Backgrounder: Steven G. Bradbury
Mr. Bradbury’s most prominent and consequential work was to justify unlawful torture and detainee abuse.
- Mr. Bradbury was acting head of the Department of Justice’s Office of Legal Counsel from 2005 to 2009, and is known infamously as one of the primary authors of the “torture memos” that justified unlawful detainee abuse.
- Mr. Bradbury wrote four separate memos authorizing waterboarding and other forms of torture and cruel treatment. Pursuant to the programs that Mr. Bradbury authorized, the CIA sleep deprived detainees for up to 180 hours, often standing or in stress positions, and sometimes shackled to the ceiling. Two men were abused this way even though they had broken feet. Other detainees were subjected to “rectal rehydration and feeding,” confinement in boxes the size of small dog crates, and “ice water baths.” Some CIA personnel conducted mock executions. Others threatened to harm captives’ mothers and children. One man was waterboarded to the point that he became “completely unresponsive, with bubbles rising through his open, full mouth.” Another man was frozen to death. Some of these abuses were authorized. Some were not. But unauthorized abuses should have been expected as brutality once sanctioned is not easily contained.
- The Senate has taken strong bipartisan action—a vote of 90-9 in 2005 on the Detainee Treatment Act and a vote of 78-21 in 2015 on the McCain-Feinstein Anti-Torture Amendment—to further reinforce the ban on torture because Mr. Bradbury and other DOJ colleagues unethically misinterpreted the law to justify waterboarding and other forms of torture.
- Recently, SECDEF Mattis and 176 of the nation’s most respected retired military leaders opposed the unlawful techniques that Mr. Bradbury authorized when president Trump suggested reviving them.
Mr. Bradbury has a record of misinterpreting duly enacted federal law, evading congressional intent, and misrepresenting the views of members of Congress.
- Even after Congress passed bipartisan legislation forbidding the CIA from engaging in cruel, inhuman or degrading treatment in 2005, and after the Supreme Court held in 2006 that terrorism detainees in U.S. custody were protected by the Geneva Conventions, Mr. Bradbury found loopholes to allow torture to continue.
- In order to find that the Geneva Conventions allowed depriving detainees of sleep by shackling them, in diapers, for days at a time, Mr. Bradbury misrepresented members of Congress as approving abuses they had sought to prohibit. He also ignored evidence from the International Committee of the Red Cross and the CIA’s own documents about the brutality of the torture program.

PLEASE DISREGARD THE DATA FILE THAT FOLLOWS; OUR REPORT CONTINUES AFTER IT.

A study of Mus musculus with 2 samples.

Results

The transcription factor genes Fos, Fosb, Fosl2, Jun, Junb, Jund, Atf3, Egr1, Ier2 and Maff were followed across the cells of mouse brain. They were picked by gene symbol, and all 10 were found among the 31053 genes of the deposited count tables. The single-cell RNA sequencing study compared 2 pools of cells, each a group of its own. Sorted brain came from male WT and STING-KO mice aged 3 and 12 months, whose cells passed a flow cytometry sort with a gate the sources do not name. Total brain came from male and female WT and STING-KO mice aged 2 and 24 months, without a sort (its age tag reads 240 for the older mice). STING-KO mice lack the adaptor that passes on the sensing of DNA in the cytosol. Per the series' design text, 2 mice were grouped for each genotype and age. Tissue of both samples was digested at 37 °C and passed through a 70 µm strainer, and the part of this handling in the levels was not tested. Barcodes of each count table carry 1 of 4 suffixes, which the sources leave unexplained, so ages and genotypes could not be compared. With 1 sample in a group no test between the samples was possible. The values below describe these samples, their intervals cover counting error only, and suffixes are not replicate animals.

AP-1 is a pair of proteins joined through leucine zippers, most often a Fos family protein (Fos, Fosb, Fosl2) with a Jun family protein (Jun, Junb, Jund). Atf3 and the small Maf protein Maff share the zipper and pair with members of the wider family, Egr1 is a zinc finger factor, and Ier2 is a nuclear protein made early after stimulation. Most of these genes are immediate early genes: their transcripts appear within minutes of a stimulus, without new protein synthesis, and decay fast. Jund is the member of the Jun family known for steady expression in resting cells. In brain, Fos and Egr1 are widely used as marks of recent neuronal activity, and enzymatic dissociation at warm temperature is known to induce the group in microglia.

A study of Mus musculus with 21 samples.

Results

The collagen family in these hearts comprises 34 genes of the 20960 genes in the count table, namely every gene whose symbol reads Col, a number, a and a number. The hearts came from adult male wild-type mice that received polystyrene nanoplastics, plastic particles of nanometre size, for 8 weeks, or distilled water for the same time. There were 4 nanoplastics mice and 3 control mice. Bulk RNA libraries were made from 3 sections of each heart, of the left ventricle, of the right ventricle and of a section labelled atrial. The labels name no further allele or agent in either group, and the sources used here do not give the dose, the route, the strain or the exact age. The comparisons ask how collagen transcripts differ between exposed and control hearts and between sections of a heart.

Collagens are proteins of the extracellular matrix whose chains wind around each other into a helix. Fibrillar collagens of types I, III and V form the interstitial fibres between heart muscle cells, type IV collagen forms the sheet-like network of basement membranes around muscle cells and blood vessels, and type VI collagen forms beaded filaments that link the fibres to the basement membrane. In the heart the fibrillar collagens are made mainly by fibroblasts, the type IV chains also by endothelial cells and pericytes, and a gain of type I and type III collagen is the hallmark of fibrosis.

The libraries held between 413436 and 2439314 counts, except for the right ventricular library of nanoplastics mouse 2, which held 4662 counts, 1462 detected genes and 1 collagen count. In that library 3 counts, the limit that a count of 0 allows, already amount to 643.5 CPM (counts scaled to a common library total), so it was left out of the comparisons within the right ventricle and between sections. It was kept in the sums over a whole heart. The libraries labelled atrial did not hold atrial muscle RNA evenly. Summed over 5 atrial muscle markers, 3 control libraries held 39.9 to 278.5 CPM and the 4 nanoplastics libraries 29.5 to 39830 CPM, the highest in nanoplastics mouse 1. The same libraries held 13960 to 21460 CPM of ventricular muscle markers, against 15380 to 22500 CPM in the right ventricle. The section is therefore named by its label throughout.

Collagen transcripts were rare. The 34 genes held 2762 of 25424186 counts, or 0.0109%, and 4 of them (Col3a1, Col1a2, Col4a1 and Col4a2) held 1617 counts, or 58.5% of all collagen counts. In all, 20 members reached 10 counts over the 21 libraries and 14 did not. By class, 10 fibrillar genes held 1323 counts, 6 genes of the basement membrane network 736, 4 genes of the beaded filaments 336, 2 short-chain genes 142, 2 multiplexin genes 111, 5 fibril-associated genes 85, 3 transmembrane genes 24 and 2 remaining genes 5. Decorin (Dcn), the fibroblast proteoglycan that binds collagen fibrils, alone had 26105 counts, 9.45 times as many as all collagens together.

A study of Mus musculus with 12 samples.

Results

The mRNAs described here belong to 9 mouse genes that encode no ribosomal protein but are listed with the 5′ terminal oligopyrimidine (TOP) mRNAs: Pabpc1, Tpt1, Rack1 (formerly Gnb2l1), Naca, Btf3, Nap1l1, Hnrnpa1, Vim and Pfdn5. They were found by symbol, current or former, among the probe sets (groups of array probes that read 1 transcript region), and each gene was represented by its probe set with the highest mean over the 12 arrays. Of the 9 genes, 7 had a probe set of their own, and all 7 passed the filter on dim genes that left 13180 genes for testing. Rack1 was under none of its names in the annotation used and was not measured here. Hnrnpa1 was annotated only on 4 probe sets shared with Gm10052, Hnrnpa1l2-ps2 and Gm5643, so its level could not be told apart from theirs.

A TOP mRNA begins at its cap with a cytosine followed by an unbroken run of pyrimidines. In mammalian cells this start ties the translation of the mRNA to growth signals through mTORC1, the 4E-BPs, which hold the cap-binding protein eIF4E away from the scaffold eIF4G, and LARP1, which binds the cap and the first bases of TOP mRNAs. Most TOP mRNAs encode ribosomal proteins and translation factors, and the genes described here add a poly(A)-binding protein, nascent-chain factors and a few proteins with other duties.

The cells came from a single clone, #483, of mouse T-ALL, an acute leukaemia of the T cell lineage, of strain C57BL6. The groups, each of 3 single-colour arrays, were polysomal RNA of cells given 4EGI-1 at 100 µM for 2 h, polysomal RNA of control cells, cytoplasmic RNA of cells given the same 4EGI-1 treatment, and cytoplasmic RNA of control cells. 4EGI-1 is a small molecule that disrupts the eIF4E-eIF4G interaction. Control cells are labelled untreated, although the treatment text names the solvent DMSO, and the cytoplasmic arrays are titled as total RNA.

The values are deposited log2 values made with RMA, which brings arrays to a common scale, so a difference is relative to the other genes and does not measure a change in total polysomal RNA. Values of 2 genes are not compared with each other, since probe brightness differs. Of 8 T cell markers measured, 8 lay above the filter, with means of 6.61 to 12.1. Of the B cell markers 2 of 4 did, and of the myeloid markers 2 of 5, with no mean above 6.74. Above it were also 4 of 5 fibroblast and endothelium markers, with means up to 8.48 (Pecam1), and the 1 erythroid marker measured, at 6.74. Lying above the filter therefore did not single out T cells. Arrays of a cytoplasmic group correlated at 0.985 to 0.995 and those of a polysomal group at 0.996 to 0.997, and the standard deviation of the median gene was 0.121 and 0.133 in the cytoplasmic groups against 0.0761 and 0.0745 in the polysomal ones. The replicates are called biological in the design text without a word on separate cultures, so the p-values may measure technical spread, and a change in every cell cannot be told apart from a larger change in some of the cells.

- The Justice Department’s Office of Professional Responsibility criticized Bradbury for “uncritical acceptance” of the CIA’s representations about the torture program, and several prominent lawyers within the Bush administration questioned the objectivity of his legal analysis.
General counsel are supposed to provide independent, objective legal advice, and they should be concerned with the public good. Mr. Bradbury’s approach to government lawyering is the opposite: to justify what the President wants to do, no matter how wrong or at what cost.
- In 2007 testimony before the Senate Judiciary Committee, Mr. Bradbury defended the President’s interpretation of the Hamdan case (where the Supreme Court ruled that President Bush did not have authority to set up military tribunals at Guantanamo) by saying “The President is always right.”
- Mr. Bradbury’s torture memos follow the same approach: figure out a way to legally justify the President’s policy preference.
There is nothing to suggest that Mr. Bradbury’s approach would be different if confirmed to another position of government trust.
- Mr. Bradbury has never expressed any regret or acknowledged any error with respect to his role at OLC authorizing torture. For example, in his questionnaire for the Commerce Committee, he addressed the Justice Department Office of Professional Responsibility report on OLC’s torture memos—which was extremely critical of Bradbury’s work—by arguing that the report “does not have continuing official force or validity.”
The Senate refused to confirm Mr. Bradbury in 2008. What we have learned since then only makes Mr. Bradbury’s record worse.